HILLSBOROUGH COUNTY, Fla. (WFLA) -- It's another controversy fueling mistrust of management at the Hillsborough County Pet Resource Center.

The staff accidentally overdosed a 4-month-old puppy.

The incident involving a puppy named Faith happened in June 2016.

Only now is the story coming to light.

The public is getting one version and county commissioners, who are getting calls this month, are also being misled.

In a letter to commissioners this week, Pet Resource Center Director Scott Trebatoski admits a vet tech administered an overdose of pain killers to Faith.

The dog received 10 times the ordered amount of an opioid.

"You would expect, you know, some pretty severe sedation, depression of its respiratory system, lowering of its body temperature," said veterinarian Dr. Ellen Alence.

An email from PRC manager Lori Letzring to a concerned citizen who inquired, stated, "The overdosing of the pain medication was medically reversed with no adverse effects on the puppy."

That's not what PRC records show.

"I'm shocked, the county blatantly lied to them," said Rescue Me Tampa's Tamar Barry.

Disciplinary records for the vet tech who made the mistake show Faith "was unable to regulate her temperature over the next two days and had to be euthanized."

"It is uncertain if the health of the dog declined due to the overdose or an underlying cause."

"She was able to regulate her body temperature before that," added Barry.

Even Scott Trebatoski's letter to commissioners is misleading.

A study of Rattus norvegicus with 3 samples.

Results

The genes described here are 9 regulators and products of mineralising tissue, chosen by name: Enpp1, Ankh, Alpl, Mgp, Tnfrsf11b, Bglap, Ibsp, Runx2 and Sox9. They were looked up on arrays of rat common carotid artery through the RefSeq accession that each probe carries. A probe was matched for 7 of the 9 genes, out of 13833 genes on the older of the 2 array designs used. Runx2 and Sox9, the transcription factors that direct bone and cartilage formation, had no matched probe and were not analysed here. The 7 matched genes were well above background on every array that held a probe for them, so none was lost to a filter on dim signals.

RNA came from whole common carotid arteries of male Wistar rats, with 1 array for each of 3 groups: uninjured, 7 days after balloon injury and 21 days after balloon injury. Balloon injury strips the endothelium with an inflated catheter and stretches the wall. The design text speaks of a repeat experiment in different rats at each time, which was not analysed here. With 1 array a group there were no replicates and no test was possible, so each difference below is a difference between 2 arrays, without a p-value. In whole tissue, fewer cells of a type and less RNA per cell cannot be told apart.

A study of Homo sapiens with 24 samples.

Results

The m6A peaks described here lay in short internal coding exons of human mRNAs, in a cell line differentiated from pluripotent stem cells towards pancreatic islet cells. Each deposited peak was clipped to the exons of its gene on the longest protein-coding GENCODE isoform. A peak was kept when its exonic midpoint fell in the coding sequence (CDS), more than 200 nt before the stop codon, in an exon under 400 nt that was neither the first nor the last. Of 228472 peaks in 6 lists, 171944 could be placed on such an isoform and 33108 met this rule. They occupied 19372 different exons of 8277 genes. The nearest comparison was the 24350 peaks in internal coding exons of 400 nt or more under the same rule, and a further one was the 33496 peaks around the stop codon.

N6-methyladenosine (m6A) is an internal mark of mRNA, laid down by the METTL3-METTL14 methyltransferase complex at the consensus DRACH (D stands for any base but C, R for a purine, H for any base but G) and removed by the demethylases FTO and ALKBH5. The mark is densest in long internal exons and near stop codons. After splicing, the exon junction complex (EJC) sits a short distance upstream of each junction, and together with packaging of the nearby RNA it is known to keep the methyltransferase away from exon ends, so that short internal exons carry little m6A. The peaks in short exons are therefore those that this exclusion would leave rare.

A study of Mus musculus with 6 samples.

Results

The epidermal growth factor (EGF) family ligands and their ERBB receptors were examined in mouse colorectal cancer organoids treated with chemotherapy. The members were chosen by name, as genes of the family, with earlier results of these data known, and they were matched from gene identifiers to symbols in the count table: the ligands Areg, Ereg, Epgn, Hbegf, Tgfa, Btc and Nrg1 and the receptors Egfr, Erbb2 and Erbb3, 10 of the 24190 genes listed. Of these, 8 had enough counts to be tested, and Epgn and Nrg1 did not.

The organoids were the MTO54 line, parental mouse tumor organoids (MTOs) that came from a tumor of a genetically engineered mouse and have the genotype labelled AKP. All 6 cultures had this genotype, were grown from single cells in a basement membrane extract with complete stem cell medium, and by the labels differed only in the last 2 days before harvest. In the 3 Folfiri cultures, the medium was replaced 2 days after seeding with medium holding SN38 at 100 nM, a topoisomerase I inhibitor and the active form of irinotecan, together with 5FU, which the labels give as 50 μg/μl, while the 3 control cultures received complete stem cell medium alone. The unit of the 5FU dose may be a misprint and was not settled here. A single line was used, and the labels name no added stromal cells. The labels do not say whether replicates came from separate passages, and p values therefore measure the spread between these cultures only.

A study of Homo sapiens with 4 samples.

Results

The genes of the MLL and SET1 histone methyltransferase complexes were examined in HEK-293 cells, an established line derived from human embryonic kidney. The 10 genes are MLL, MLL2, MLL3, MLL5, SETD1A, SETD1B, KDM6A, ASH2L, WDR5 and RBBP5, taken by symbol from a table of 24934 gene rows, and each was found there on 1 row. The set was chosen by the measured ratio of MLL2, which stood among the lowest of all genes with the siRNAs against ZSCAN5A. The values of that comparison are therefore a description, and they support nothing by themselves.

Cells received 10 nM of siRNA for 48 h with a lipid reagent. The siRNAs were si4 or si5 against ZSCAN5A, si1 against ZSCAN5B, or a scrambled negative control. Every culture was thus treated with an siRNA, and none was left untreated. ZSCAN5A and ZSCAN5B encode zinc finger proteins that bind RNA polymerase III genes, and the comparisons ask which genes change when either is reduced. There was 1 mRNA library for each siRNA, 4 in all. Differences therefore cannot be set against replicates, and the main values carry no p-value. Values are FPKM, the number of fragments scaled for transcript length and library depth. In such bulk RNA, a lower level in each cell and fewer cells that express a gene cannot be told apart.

The letter makes it appear Faith had difficulty maintaining her body temperature when she was impounded.

Records show that started after the overdose.

Trebatoski's letter implies Faith was treated for pain and body temperature issues the day she came in to the shelter.

PRC medical records show Faith didn't get pain meds until the next day, when she received 10 times the dose that was ordered.

The PRC has for months, blocked Rescue Me Tampa's requests for medical records on dogs in the county shelter, claiming the files are exempt from disclosure.

Earlier this week we detailed one example after another of PRC handing the exact same records to others while denying Rescue Me Tampa.

"That would be inconsistent with the public records act," said attorney Charlie Carlson. "If it's a public record for one person, it's a public record for all persons."

According to Barry, it is time for a change at the Pet Resource Center.

"We really need new management," she said.